Billions of pounds of public money is spent on educating the nation, and votes are often won and lost on the back of education policy, so it is no surprise that politicians often feel compelled to dictate what schools are expected to do and how they do it.
These demands increase every year. From an academic perspective, schools are now teaching a more demanding curriculum. This is not a problem. It is everything else on top that often gives school leaders sleepless nights.
In addition to teaching and learning, schools must now carve out additional time to promote mental well-being, citizenship, religious tolerance, financial common sense, online safety, and healthy attitudes to sex and relationships among many other things.
Many of these topics find their natural home in personal, social, health and economic education — PSHE for short. It arms students with the resilience and self-confidence they need to thrive in these complex times. It is also proven to support academic attainment, with disadvantaged pupils seeing the greatest impact.
And yet the government has so far refused to give PSHE the priority it deserves. And while independent schools all offer the subject, state school pupils do not have the same entitlement.
The government is due to announce a crucial decision on the future of PSHE any time now. But there is real concern that it will not make the subject mandatory in all schools.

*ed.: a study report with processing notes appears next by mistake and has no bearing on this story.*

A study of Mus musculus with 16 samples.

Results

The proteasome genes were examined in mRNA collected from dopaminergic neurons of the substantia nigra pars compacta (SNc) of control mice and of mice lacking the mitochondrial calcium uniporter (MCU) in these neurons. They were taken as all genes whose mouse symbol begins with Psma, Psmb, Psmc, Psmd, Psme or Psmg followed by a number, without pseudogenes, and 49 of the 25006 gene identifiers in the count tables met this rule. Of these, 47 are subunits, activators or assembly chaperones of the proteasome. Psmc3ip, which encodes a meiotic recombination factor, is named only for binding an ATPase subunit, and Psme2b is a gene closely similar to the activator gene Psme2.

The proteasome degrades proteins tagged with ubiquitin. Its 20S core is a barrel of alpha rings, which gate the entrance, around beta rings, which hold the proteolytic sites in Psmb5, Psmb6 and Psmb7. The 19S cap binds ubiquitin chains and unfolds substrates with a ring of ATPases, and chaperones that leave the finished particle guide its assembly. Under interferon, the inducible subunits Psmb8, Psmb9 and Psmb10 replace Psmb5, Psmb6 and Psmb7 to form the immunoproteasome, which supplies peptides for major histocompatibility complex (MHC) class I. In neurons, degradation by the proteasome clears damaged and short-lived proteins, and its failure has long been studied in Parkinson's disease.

NAHT — along with the National Education Union and other expert bodies — is publishing a report this week to call for statutory PSHE education (read about the report here).
Making it mandatory for all schools would guarantee an equal entitlement for all pupils, whichever area of the country and type of school they are in.
Mandatory PSHE would give support and protection to schools and their leaders from those who might challenge them about certain aspects of content — for example from learning about extremism or exploitation.
A universal entitlement to PSHE is supported by more than 90 per cent of young people, parents and experts. The children’s commissioner, the National Police Chiefs’ Council head of child protection, the Bank of England’s chief economist, the chief medical officer, Public Health England, teaching unions, four Commons Select Committees, two royal societies and six medical royal colleges all support mandatory PSHE. This would be a popular decision.
It’s also an easy decision. Powers already exist in the Children and Social Work Act to make PSHE statutory for all pupils in all schools.
When Damian Hinds, the education secretary, came to speak to NAHT’s members at our annual conference in Liverpool last month, he recognised that society asks much more of schools than a generation ago. He also summarised his approach to education policy. The government’s role, he said, was to make sure there are enough teachers and the right resources in the right place to step in where it’s helpful and to step out of the way where it’s not.
Making PSHE mandatory for all pupils in all schools is the perfect test case for this approach.